A piece sacrifice on e6 (e3) is a typical middle game attacking theme to destroy the pawn structure around the enemy monarch and hopefully get a decisive attack. Sometimes it has positional characteristic too in order to secure outpost on e5 (usually a knight). Here are some instructive examples:
Yuri Balashov against Rifat Sabjanov in 1994 – White to Move
Q: Is it worth considering e5-e6 here?
A: Yes, White can get a strong attack as follows:
1.e6 Bxe6 2.Rxe6!!
This creates strong hold on e5 for White’s knight which completely dominates the position.
2…fxe6 3.Ne5 Qb6
White would have a winning position against other moves too, for example 3…g6 4.Qf3 or 3…Qd6/b8 4.Bf4. These may have prolonged the fight but woudn’t change the outcome.
Actually Qf3 was even better.
And White went on win after few more moves.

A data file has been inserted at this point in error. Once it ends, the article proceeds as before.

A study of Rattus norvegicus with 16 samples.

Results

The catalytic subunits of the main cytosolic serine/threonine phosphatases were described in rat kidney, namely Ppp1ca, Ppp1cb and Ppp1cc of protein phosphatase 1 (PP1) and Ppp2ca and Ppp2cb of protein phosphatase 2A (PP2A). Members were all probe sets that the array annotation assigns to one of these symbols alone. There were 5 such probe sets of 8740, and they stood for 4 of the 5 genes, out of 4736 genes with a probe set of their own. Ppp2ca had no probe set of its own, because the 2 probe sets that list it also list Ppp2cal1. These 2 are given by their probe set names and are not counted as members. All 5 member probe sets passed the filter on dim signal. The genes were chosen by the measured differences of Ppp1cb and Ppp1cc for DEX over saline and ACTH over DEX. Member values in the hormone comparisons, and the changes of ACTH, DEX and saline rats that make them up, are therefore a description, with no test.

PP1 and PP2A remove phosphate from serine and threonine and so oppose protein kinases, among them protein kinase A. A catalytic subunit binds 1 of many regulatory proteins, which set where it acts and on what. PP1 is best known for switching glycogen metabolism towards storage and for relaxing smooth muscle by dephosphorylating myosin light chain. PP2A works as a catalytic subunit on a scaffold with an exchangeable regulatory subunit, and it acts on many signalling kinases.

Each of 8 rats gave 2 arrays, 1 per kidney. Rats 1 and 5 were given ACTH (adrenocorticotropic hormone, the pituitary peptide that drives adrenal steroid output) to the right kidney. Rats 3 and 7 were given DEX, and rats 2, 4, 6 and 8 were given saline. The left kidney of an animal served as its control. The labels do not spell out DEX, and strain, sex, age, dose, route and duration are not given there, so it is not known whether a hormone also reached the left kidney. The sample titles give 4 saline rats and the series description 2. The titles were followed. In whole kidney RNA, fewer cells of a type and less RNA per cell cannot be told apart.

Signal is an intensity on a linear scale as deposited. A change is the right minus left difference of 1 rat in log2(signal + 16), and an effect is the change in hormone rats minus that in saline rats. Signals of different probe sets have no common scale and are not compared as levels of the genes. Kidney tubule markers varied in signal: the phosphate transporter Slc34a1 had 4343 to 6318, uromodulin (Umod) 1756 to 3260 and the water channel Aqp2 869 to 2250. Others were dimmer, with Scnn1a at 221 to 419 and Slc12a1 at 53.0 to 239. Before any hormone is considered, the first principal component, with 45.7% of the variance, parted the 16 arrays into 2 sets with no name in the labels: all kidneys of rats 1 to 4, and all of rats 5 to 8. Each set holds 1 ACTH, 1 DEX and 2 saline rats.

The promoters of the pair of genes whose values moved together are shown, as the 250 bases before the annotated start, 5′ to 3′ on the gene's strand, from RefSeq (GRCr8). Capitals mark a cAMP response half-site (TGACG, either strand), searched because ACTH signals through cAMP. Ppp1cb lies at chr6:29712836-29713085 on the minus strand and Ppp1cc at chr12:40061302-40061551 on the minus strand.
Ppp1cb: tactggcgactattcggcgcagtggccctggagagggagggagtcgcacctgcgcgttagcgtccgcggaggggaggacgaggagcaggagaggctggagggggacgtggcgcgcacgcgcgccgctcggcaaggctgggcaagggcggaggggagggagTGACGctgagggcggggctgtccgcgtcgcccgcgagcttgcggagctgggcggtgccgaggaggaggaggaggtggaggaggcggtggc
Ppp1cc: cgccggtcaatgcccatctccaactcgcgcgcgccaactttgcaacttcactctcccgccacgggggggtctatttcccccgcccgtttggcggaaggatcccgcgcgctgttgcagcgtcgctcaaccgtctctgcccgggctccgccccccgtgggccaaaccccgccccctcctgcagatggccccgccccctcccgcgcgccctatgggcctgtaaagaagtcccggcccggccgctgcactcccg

Sacrifice to destroy pawn cover – Kramnik against Nigel Short in 1995 – White to Move
Q: Which piece wwould you sacrifice on e6?
A: The bishop of course because if 1.Nxe6 then 1…Qxh4 wins
1.Bxe6!! fxe6 2.Qxg6 Nxe5 3. Qh7 Kf8 4. Nf4
The position is totally lost so Black resigned.
Sacrifice to use lead in development –
Helgi Olafsson against Jonathan Levitt in 1990 – White to Move
Q: How would you proceed with the White pieces?
A: I would sacrifice on e6 as follows:
There is no way to decline the sacrifice. If the bishop moves then there is mate on e6 and if knight moves then the bishop is lost. Meanwhile f5 can be met by Ng5.
The bishop on g2 can’t be taken because of the spectacular Qxe6+! leading to either a back rank mate or a smothered mate.
Threatening 4.Nf6+. Note that 4.Bxe4 would be a mistake because of Nc6 when you still need a move to save the knight so you can’t win pawn on c5.
3…Nc6 4.Nxc5 Qc7 5.Nxd7! Rac8
5…Rxd7 is not possible because of 6.Qxe6+ Rf7 7.Bxc6 etc..
6.Qxe6+ Kh8 7.Be4 Ne7 8.Rd6
Stronger than Qxe7. Black resigned after 3 more moves.